Cameron’s cack-handedness risks Brexit
David Cameron’s cack-handed European diplomacy risks leading Britain out of the European Union.
The latest example is the way the UK prime minister has mishandled his campaign against Jean-Claude Juncker becoming president of the European Commission, the EU’s executive arm. Cameron is right to try to block the former Luxembourg prime minister’s candidacy – both because Juncker is not the right person to reform the EU and because the way he is being promoted constitutes a power grab by the European Parliament. But the British prime minister’s tactics have actually made a Juncker presidency more likely.
If Cameron loses this particular battle, the chances of a Brexit – Britain’s exit from the EU – will shoot up. This is partly because Juncker himself will presumably not want to help the British prime minister with his plan to renegotiate the UK’s relationship with the EU. And if Cameron can’t secure many goodies from his renegotiation scheme, he won’t have much to show the electorate in a referendum he plans to hold on Britain’s membership in 2017. (This will only happen if he is still prime minister then, which is far from certain since there is a general election in 2015).
Cameron’s campaign against Juncker has lost Britain friends and allies inside the EU. The most important is Germany’s Angela Merkel, who was initially lukewarm about the Luxembourger. But after Cameron was perceived by the German media to have threatened to pull Britain out of the EU if Juncker wasn’t blocked, she had to rally round his candidacy. She even gave Britain’s prime minister a thinly-veiled ticking-off last week, saying threats were not part of the “European spirit.”
Other Europeans, too, are becoming exasperated about Britain. One former French prime minister, Michel Rocard, told the UK last week to quit the EU before it caused more damage. That’s an extreme position, but it shows Cameron’s diplomacy has backfired.
If Juncker is chosen, there’s also a risk that Britain’s prime minister will come under pressure from eurosceptics in his own party to bring forward the planned referendum to, say, 2016. He would then have less time to secure any new deal for Britain with the EU – reducing the chance of securing an “In” vote. No wonder eurosceptics want as early a plebiscite as possible.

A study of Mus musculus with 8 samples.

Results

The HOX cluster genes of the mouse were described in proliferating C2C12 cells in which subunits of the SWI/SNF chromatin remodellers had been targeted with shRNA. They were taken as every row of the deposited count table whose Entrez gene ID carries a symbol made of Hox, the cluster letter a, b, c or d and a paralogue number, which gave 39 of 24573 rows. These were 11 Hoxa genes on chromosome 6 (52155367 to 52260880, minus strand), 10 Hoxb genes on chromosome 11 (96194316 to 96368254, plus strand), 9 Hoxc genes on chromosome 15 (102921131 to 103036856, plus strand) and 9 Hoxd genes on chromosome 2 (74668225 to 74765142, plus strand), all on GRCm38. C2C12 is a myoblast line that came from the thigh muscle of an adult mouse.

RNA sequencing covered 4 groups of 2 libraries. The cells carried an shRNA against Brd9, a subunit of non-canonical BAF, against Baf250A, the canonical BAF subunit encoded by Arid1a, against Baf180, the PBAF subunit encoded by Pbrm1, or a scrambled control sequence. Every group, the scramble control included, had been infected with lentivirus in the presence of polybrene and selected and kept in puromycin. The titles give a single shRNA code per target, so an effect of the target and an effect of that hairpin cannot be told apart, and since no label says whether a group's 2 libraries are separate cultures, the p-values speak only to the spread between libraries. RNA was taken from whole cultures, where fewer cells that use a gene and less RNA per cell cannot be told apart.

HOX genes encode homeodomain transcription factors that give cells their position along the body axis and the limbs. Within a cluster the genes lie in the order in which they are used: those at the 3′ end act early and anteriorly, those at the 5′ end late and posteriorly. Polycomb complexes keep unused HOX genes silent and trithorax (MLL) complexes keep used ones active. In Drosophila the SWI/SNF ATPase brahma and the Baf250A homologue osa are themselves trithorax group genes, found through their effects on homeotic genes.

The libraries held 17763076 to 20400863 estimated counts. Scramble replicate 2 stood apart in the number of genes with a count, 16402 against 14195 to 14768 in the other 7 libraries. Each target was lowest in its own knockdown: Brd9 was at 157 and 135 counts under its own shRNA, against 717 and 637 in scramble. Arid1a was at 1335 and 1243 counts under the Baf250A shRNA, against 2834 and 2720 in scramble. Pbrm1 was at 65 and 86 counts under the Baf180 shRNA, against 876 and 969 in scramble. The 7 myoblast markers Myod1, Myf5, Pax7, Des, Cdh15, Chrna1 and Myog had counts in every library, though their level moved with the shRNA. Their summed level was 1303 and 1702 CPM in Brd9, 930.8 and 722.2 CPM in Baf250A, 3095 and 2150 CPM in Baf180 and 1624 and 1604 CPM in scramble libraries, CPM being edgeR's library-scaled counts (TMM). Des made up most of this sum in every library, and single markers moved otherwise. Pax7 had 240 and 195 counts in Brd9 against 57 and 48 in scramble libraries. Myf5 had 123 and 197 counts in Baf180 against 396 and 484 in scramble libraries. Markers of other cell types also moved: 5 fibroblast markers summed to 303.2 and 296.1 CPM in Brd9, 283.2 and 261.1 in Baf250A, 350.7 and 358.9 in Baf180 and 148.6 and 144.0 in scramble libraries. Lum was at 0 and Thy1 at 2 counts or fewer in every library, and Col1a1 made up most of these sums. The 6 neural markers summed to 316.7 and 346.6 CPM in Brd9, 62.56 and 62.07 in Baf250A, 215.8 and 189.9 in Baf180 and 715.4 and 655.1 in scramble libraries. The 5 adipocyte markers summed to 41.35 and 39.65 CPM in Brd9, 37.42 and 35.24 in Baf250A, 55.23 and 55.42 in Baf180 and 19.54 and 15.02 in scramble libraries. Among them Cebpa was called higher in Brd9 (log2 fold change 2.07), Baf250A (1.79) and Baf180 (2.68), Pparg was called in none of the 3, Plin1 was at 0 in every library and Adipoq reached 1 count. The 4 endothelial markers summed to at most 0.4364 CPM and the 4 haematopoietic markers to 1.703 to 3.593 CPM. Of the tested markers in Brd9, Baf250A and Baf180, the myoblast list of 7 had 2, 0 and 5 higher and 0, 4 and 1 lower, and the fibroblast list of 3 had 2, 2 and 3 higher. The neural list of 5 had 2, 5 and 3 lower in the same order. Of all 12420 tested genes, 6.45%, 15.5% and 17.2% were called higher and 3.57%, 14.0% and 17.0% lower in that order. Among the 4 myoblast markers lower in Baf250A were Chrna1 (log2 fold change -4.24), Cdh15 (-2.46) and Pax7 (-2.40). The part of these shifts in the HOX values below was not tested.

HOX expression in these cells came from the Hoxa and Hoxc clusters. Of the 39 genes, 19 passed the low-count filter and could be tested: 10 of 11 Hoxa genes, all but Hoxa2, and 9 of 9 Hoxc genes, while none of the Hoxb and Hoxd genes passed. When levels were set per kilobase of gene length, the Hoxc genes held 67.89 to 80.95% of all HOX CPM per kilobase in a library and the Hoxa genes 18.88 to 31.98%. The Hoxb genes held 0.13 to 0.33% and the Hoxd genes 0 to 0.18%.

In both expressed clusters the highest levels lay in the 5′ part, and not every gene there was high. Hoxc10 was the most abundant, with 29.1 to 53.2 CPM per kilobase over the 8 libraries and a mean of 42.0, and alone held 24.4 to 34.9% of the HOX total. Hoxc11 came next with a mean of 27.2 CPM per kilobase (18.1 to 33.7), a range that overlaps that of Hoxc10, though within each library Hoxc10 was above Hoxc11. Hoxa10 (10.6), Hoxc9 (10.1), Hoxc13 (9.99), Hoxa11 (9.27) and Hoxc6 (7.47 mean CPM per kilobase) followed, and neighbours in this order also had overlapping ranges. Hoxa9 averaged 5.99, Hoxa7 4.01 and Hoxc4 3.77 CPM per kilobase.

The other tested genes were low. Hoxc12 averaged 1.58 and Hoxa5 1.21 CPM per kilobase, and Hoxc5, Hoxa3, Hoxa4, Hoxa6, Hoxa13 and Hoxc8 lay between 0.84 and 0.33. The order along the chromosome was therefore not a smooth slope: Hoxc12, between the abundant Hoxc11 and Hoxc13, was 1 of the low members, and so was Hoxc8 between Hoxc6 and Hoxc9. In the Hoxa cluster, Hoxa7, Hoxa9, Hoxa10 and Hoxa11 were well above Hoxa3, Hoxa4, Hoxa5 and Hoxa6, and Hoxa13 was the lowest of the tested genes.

Although Cameron hasn’t said clearly how he would vote in a referendum, the mood music is that he wants to keep Britain in the EU. But, if Juncker becomes president, there is an outside risk that Cameron will campaign to pull Britain out of the EU – particularly if he thought that was the best way to make sure he was on the winning side, stayed prime minister and stopped his Conservative party tearing itself apart.
Cameron’s terrible diplomacy vis-à-vis Juncker is, unfortunately, not an isolated phenomenon. He has made several missteps in his relationship with the EU.
The first was a promise to pull the Conservatives out of the European People’s Party (EPP), the dominant centre-right bloc in the European Parliament, when he was running for its leadership back in 2005. That sop to Tory eurosceptics may ultimately have helped Cameron become prime minister. But it has caused collateral damage.
For a start, it irritated Merkel, whose CDU is part of the EPP. Then it meant a loss of influence for Britain in the European Parliament just as it was getting more power. Cameron wasn’t even party to the decision to choose Juncker as the EPP’s “Spitzenkandidat,” or frontrunner, in May’s elections.
What’s more, the British prime minister has got into a frightful twist with his own bloc, the European Conservatives and Reformists. Last week the ECR voted to admit Germany’s anti-euro Alternative für Deutschland party into the group. Cameron, who knew this would be unpopular with Merkel, was reduced to saying the Conservatives only needed one “sister party” in Germany, her CDU. Why then did he pull out of the EPP in the first place?
Yet another misstep was the British prime minister’s attempt in 2011 to veto a change in the EU’s treaties designed to shore up the euro zone in the midst of its crisis. Cameron thought he could secure a series of benefits for Britain in return for his support. His partners saw this as blackmail in their time of greatest need and just sidestepped his veto by agreeing a totally new treaty. In the process, Britain wasted diplomatic capital.
The battle to keep Britain in the EU is far from lost. Cameron may yet stop Juncker. The best hope is probably that the process of choosing an EU president drags on until after the summer holidays and, in the meantime, other countries join the UK in opposing the Luxembourger.
Then, of course, there is the chance – put by betting houses at around 50 percent – that Cameron will not be reelected as prime minister in next year’s general election. He would then be unable to carry out his promise to call an In/Out referendum. This would slash the risk of a quick Brexit, as opposition Labour leader Ed Miliband doesn’t want a plebiscite.
The snag is that the issue won’t have disappeared. In such a scenario, a more eurosceptic politician will probably replace Cameron as Tory leader. He or she may then agree an electoral pact with the UK Independence Party to fight the 2020 general election on a platform of pulling Britain out of the EU.
It would be better if Cameron could become a defter diplomat. The worry is that he doesn’t have it in him.